LOWER EAST SIDE — A popular East Houston Street theater's food policy has earned it a thumbs-down from moviegoers hoping to feast on snacks brought in from outside.
The Landmark Sunshine Cinema's staff have been called "Nazis," "women haters" and even more vulgar names when they explain their "food check" to patrons — holding grub in a refrigerator for collection after the film's over.
"They have tantrums," said the theater's box-office worker Caroline Cox, who had one movie-goer hurl French fries at her for denying the food.
The recent college grad defended the inspection system — labeled by some as "psychotic" — which uses tickets much like a coat check.
Concessions have long been the bread and butter of cinemas, which often deny outside food but don't go so far as to check bags for the offending fare.
"When you are the one picking chicken bones and olive pits off the floor, wiping up beer, it makes sense," Cox said.
This comes as the Sunshine looks to become even more lucrative in the future with a recent liquor license application to add three bar and restaurant areas to the busy theater.
The food-check policy has been in place since Cox started working 18 months ago at the theater, which is part of the nationwide Landmark Theaters chain that screens mostly independent films.
"I get why people do it (sneak in food), but don’t be a psycho about it," Cox said, adding that Sunshine caters well to people’s needs, offering gluten-free cookies and popcorn with vegan butter.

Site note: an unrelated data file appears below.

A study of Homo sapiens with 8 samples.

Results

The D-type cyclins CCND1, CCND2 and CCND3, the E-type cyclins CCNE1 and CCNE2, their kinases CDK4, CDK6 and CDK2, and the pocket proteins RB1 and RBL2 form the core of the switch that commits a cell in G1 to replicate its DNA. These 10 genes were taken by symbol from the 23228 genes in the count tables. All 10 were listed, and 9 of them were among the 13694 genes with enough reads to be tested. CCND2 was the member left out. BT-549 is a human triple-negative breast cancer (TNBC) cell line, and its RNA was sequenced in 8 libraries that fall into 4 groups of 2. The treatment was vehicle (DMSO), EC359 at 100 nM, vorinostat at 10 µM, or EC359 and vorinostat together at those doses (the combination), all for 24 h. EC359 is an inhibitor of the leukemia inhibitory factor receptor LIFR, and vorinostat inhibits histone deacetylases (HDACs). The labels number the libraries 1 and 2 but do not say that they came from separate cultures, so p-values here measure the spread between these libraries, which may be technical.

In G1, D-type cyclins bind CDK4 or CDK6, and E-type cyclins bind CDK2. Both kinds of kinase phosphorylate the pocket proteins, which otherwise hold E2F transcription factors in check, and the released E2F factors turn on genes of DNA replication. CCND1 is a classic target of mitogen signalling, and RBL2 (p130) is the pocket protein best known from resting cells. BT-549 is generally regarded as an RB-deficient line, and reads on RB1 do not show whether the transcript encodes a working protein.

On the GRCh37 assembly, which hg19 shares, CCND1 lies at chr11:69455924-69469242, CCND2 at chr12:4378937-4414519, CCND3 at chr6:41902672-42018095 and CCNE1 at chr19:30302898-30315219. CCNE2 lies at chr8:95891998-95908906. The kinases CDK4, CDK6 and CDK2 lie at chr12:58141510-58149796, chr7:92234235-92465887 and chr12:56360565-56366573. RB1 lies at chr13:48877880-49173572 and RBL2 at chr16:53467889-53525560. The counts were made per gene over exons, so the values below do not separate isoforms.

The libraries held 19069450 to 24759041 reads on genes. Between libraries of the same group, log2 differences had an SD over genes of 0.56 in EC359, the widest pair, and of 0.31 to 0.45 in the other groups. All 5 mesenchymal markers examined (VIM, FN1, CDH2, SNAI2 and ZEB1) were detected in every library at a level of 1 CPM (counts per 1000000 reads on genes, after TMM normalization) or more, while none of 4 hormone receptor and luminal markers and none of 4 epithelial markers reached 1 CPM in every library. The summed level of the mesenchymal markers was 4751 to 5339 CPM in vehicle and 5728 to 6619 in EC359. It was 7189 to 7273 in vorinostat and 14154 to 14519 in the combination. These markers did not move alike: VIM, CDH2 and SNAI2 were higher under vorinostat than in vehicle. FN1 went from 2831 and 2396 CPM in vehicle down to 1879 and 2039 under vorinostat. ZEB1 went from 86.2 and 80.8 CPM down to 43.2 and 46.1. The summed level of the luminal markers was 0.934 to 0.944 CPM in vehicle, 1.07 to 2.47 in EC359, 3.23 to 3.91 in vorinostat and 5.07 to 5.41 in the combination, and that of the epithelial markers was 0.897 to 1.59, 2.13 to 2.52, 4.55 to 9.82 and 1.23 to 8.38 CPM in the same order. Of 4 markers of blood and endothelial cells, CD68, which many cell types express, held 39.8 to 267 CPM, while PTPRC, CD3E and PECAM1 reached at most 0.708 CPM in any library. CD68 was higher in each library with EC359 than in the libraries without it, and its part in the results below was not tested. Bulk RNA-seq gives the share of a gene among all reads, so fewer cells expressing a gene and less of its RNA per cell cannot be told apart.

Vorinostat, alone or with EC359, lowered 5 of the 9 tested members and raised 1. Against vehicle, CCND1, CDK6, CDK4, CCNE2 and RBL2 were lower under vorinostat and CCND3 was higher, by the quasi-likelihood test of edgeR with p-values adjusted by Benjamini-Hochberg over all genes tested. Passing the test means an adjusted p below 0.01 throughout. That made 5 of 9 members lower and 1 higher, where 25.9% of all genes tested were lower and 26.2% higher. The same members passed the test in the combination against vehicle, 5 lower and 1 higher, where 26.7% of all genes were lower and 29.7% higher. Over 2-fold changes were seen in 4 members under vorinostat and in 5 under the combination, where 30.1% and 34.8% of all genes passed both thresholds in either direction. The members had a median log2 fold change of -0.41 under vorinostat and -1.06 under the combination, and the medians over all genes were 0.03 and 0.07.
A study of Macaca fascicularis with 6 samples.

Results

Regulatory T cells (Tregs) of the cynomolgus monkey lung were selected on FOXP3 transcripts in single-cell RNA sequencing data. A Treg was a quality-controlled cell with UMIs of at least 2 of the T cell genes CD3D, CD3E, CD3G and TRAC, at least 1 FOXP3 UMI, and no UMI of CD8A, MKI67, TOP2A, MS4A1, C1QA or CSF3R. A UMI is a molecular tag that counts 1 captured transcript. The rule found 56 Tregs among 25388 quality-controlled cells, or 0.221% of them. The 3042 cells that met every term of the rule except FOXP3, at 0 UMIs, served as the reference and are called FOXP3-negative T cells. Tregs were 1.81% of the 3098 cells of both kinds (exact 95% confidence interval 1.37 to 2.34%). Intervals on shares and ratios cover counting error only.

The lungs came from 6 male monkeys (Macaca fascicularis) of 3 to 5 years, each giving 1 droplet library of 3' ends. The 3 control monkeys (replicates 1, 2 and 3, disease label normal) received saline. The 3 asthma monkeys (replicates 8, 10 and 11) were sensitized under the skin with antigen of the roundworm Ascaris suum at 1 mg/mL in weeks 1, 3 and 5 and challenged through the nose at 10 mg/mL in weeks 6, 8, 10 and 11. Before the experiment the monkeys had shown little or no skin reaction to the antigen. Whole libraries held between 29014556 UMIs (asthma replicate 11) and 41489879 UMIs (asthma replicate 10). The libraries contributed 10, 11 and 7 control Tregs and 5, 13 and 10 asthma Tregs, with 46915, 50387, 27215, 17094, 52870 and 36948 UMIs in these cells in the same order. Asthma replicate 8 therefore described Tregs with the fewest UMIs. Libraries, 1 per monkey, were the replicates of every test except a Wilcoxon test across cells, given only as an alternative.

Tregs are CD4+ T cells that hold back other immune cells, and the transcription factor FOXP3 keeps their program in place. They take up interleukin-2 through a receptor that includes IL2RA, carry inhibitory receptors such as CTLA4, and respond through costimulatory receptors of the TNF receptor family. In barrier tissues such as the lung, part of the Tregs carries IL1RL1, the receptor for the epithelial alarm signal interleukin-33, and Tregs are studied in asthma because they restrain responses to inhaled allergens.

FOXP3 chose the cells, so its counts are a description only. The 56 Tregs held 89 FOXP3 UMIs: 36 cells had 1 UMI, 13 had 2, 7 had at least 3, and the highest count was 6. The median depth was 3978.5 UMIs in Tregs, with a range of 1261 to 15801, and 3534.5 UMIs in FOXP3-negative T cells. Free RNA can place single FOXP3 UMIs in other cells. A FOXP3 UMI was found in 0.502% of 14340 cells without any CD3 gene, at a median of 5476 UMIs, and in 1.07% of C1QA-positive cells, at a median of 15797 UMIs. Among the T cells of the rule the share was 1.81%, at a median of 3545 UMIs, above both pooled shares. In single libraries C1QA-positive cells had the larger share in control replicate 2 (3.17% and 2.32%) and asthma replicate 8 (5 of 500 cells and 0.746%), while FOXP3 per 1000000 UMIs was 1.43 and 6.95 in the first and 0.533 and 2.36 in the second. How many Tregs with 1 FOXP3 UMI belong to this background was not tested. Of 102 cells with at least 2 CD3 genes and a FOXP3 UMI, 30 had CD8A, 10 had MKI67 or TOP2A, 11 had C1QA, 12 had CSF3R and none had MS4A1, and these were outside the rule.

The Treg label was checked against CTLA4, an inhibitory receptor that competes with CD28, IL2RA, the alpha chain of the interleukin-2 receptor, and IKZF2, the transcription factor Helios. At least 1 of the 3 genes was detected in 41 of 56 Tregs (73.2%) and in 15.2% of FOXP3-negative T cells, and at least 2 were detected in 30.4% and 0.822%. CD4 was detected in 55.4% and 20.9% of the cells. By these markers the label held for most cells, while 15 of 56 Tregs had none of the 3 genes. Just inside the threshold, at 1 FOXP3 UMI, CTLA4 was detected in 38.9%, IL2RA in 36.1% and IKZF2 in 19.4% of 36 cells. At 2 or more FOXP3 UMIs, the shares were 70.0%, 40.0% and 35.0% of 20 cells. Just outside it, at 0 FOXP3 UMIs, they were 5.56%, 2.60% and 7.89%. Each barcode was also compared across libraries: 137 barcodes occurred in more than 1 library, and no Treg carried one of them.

Whole Foods bags are usually the most obvious targets for staff, as the supermarket and its array of tempting takeaway food is only a few blocks away.
Among reasons the food-check system was put in place was the stench of cooked food that filled the movie theater, the possibility that cleanups could delay screenings, and the loss of income from sales of the theater's own snacks.
"One guy brought in six whole pizzas. They were all gourmet," said another staff member, who did not give his name.
The cinema worker added that the movie-goer attempted to sneak the pies in by promising not to eat the pizza during the flick. Instead, they were kept in the refrigerator behind the counter for collection after the movie.
While some customers lie and throw tantrums, staff said, others like the system.
"She was very sweet about it. Her tone was apologetic," said Sunshine film-goer Nicole Lewis, of the theater worker who politely checked some pastries before a Wednesday afternoon film screening.
It was Lewis' 25 birthday, and the sweets were a celebratory purchase, she said.
"It is not a serious thing," Lewis said, "but they take it seriously."
Tim McDermott's espresso was also denied entry into a screening of "The Perks of Being a Wallflower" on Wednesday.
"It was annoying, but you have to protect your business," the 28-year-old said, adding he decided to drink the coffee quickly in the lobby.
McDermott was enthusiastic when told of the Sunshine's application to Community Board 3 to obtain a license to serve beer, wine and liquor inside the theater
If approved, the space could add more than 100 seats for restaurant and bar-style service in three lobby areas outside theaters, according to CB3 documents. The application also requests to serve alcohol seven days a week until 2 a.m.
"It never hurts to have a glass of wine," said McDermott, who admitted to previously sneaking a bottle of wine into another theater.
"It's what I would do at home, so it's great I can come do it in the cinema."
Another patron, Joey Merlo, a writer from the East Village, championed the new venture's income potential.
"It's nice because it is hard to make money just on the films they show," he said.
But some Sunshine patrons would still prefer trying to sneak in their own refreshments, despite the stringent policy.
"A date to the movies is more expensive than dinner," said Bushwick student Andrea Prafet.